Burris Four XE 6-24 x 56
- By Chris Parkin
- 1 Comments
- Last updated: 29/03/2021
The latest Four Xe range from Burris contains scopes suitable for hunting, with second focal plane optical/mechanics and a 4x zoom range. Options include a 1-4, 2.5-10, 3-12 and 6-24, the latter in both 50 and 56mm (on test) objective lens sizes, covering most requirements. But as always, the specification demons are in the detail.
The large objective lens maintains a bright image for a 24x magnification scope at this price point. This one, at 383mm long with a onepiece 30mm main body tube, offers plentiful space to optimise mounting position for the 88mm of eye relief. This is not as much as some ‘magnum’ capable optics advertising 100mm, but in reality, that’s often too long for smaller rifles.
Windage and elevation are adjusted for zeroing with capped dials above and to the right of the spherical saddle. They provide 1cm@100m clicks and after setup, allow removal and re-alignment to mark zero if you do intend to make dialled adjustments at a later time. All clicks are fingertip perceptible but fall into the ‘zero and leave alone’ category, in my opinion, it’s not a repeat dialler. There are 60 clicks per turn with minimal overrun.
The left-hand side, backlashfree parallax dial adjusts as close as 20m, making it suitable for airguns and rimfires. Also, the price point allows this scope to compete strongly with commonly seen brands in the airgun domain. Adjustment is smooth and there are no distance markings, but they are usually only a suggestion anyway. Rotation snaps the image into well-perceived focus, especially noticeable as magnification increases.
The outer cap end of the dial sports the illumination control with 11 intensity settings, each slotting into position with firm detents and intervening off positions. I like these, as they allow it to be clicked on and off without the constant need to reassure yourself of preferred brightness. The usual CR2032 Battery resides under a lightly knurled cap. Only the centre floating cross of the reticle lights up, but I liked it.
The major 3,6 and 9 o’clock arms of the second focal plane (SFP) reticle remain constant in size throughout the magnification range. There are three windage markers on each wing as well as three holdover hash marks for longer range shots.
The instruction manual lists reticle subtensions in minutes of angle (MOA) on a scope with MRAD/cm clicks, which immediately seems a bit odd.
Although in the second focal plane with constant reticle size, these are somewhat unclear without a specific magnification setting advised anyway, so you are on your own for learning what and where will give you the suggested 100–400 yard holdovers. Sadly, I just see marketing going head-to-head against technical information at this point.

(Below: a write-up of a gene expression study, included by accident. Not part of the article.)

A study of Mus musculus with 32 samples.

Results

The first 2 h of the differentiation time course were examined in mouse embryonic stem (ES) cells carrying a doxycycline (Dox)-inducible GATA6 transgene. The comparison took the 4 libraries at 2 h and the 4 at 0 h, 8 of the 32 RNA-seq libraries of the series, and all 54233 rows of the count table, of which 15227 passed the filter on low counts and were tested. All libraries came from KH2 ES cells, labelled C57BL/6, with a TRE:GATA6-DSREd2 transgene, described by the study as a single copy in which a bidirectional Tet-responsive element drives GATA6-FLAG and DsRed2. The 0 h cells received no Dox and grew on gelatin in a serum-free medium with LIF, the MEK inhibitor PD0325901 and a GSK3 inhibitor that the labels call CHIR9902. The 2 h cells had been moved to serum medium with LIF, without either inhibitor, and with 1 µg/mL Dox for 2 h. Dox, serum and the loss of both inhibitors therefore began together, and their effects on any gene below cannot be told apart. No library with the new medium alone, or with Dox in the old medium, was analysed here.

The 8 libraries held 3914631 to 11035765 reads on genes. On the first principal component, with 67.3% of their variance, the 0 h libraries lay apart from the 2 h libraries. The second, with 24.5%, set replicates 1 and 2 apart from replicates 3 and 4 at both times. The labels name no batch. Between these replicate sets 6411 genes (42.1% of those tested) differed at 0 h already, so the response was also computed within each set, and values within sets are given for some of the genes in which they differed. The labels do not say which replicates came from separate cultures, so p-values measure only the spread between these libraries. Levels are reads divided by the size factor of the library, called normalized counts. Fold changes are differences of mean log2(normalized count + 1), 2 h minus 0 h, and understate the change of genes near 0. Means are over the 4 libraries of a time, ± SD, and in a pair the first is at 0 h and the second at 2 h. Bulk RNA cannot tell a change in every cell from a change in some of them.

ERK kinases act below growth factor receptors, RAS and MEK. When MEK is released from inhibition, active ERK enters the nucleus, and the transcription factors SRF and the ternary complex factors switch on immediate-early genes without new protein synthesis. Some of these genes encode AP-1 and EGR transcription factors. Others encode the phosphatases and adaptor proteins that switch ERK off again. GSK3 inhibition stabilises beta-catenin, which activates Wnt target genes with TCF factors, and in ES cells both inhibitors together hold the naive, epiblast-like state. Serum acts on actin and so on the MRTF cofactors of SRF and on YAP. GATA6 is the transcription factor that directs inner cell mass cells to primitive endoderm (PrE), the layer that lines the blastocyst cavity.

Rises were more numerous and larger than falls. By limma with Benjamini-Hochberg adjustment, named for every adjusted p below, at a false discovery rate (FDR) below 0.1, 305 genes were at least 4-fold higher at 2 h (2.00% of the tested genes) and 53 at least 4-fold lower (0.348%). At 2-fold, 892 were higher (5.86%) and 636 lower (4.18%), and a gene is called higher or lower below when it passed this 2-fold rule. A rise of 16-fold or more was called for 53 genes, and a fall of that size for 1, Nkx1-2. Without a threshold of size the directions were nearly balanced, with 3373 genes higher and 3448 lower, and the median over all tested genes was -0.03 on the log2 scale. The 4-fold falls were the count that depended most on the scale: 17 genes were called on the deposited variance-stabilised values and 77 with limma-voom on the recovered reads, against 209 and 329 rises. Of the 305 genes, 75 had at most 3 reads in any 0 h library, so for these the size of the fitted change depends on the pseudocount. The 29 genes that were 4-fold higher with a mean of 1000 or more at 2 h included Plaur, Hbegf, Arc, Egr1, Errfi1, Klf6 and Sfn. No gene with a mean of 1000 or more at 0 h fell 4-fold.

For decades the Mil-Dot system was confusingly fitted to scopes with MOA adjustment dials, and here, in a world that has woken up to one or the other, Burris has now reversed the mixed units. For someone who understands these factors, it is just a hassle, but for someone new, a confusing start. Frankly, I just see it as an alarm bell for manufacturers not really sure of themselves. An ‘SCR’ MIL reticle is also available and this would make more sense with metric clicks on the adjustment dials.
Overall adjustment is listed as 25 MOA in the instructions, yet I counted 17.7mRad/177 clicks - just under three complete rotations - which converts to 60 MOA, so doesn’t compute.
It all just seems a muddle, so ignore the 25 MOA, I don’t know where that comes from?
The scope offers a bright crisp image with sharply contrasting, well defined mid-weight reticle and easily focussed rear eyebell. Magnification similarly adjusts with a rotating collar that transmits no tactile feel for internal motion, with defined stops at either end of the travel. There is no feeling of motion or noise from the inner lens packages transiting helically back and forth, a great sign of attention to manufacturing precision.
Eye relief is constant throughout the zoom range. I found the scope perfectly usable as a ‘zero and leave alone’ optic on both .308 and .223 rifles, where the higher magnification levels available made for a good daytime image and precise aiming.
The reticle is well-weighted, neither feeling too bulky or fine through varied target backgrounds or in more colour rich hunting environments with less specific colour contrast. I particularly liked the minimalist centre illuminated cross which lacked unnecessary frills that will never be used on a second focal plane scope.
The exit pupil was circular, without difficult vignettes and a crisp black edge showing no tunnelling at low magnification. The focus was flat across the field of view and when wound down lower into the 6-8x magnification region, made for a versatile hunting scope with longer range varminting capability, once the holdovers are learned. Given the common use of rangefinders and ballistic apps these days, the holdover reticle has lost its way a little and in fairness, when learned and with magnification adjusted correctly through experimentation, is fast to use.
Flip-up lens caps are supplied and the hard anodised finish is sleek, matt black and perhaps a quality level above similarly priced competitors. All the threads are smooth and the machined knurling for grip is all neatly executed.
The scope shows a crisp picture and reliable function but a confused specification, with limited dialling potential common to other high magnification scopes that might appeal to long range shooters or varminters. If you understand the specification detail contrast, the scope is optically quite good at the price but for a new entrant to longer range adjustments, not the clearest starting point mechanically.